New Zealand made headlines after announcing its first Wellbeing Budget in 2019. The country continues to lead the way in delivering wellbeing budgets, setting spending priorities to meet wellbeing goals.

Some economists continue to press for the traditional practice of developing strategies to promote economic growth. Justin Connolly is a founding member of the Aotearoa New Zealand hub of WEAll. He has responded to that criticism in a powerful article for the Newsroom

The article recognises that delivering a wellbeing economy will be hard work and will take time to deliver. This does not mean, however, we should return to the old ways. Instead, systems science can help us to deal with the complex issues of transforming to a wellbeing economy.

The article expands on this, drawing on The Fifth Discipline by Peter Senge. Senge has long championed a systems approach for dealing with complex problems. This approach is currently experiencing a resurgence across business and civic society.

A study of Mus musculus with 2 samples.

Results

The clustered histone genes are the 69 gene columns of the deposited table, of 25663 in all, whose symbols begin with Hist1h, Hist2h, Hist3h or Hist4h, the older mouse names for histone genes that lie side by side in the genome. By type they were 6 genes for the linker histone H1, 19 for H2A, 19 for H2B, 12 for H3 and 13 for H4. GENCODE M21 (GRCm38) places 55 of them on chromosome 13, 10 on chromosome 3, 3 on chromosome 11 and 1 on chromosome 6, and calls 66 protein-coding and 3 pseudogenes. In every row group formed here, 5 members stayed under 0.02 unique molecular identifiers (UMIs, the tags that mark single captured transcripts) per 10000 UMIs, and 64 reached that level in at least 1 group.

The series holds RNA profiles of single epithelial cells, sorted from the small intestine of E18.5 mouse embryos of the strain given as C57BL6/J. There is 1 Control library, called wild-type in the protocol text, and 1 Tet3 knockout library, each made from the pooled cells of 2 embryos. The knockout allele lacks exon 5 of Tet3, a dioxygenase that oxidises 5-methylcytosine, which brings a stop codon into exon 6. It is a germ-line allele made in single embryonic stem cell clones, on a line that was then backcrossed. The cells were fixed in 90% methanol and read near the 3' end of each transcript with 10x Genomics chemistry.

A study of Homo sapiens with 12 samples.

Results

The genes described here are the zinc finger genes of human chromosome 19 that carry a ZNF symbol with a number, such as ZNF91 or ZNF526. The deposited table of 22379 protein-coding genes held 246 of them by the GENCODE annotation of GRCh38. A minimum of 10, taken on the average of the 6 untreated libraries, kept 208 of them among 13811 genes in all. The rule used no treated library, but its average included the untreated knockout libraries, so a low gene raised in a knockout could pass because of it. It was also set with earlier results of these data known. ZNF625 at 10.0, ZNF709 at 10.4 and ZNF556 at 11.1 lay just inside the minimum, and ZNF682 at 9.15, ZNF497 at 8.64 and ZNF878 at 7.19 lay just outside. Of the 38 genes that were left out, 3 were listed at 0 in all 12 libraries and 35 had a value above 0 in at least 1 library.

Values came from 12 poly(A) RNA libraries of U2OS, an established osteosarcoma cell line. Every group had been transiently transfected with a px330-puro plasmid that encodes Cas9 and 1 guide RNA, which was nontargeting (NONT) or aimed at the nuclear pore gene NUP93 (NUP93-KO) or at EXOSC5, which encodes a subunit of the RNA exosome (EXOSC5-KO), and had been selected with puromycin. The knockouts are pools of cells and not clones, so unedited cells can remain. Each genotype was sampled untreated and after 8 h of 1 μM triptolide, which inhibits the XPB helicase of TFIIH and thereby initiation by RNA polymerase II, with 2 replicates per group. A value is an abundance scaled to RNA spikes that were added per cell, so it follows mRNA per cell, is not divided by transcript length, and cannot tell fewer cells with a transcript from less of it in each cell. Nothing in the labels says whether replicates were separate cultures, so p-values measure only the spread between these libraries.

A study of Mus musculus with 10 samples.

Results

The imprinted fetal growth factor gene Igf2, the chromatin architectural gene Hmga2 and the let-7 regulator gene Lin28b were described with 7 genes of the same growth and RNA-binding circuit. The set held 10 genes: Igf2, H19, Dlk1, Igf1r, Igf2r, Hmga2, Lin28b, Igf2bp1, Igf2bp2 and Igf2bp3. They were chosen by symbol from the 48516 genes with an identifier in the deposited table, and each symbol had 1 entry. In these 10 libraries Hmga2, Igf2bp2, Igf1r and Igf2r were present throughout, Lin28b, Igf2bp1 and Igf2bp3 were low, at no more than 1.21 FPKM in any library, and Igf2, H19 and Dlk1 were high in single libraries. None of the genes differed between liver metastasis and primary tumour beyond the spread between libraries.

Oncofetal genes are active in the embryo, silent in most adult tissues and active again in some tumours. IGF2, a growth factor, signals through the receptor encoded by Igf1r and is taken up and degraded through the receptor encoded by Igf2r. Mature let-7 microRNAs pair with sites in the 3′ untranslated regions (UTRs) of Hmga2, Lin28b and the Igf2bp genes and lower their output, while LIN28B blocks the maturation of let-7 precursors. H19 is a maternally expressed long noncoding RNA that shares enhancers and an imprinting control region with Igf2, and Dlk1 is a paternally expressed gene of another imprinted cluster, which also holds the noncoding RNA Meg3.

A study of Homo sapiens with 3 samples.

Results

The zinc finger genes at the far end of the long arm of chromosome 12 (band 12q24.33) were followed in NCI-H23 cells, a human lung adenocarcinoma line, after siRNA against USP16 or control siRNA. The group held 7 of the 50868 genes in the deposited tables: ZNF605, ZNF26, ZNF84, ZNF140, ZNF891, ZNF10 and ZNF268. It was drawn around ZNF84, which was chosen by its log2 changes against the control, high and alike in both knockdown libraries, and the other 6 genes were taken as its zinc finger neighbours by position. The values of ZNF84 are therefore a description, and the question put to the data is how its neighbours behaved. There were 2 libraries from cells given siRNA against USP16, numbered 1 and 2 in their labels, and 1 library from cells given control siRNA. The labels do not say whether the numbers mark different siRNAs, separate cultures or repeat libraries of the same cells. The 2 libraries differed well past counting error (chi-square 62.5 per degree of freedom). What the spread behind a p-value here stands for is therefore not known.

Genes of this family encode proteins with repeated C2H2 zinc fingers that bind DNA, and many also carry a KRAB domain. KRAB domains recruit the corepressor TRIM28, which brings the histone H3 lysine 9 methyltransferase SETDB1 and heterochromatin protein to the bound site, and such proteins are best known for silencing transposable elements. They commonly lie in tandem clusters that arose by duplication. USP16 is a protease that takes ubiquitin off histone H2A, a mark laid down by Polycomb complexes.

WEAll and other global movements are also developing new insights on how to design policies to support a wellbeing economy. A good example is WEAll’s Wellbeing Economy Policy Design Guide.

Thus, New Zealand’s wellbeing budgets are part of this global movement towards wellbeing economies. They respond to the multi-faceted, inter-generational task of challenging how our economies fail to deliver wellbeing. Both for the planet and for us who live on it, now and in the future.

Justin concludes that wellbeing budgets in New Zealand will necessarily continue to evolve. So will how we measure and manage our current and future prosperity. We all are invited to engage in the discussion and help shape those future systems, recognising that this is a long-term game.

The full article can be accessed here.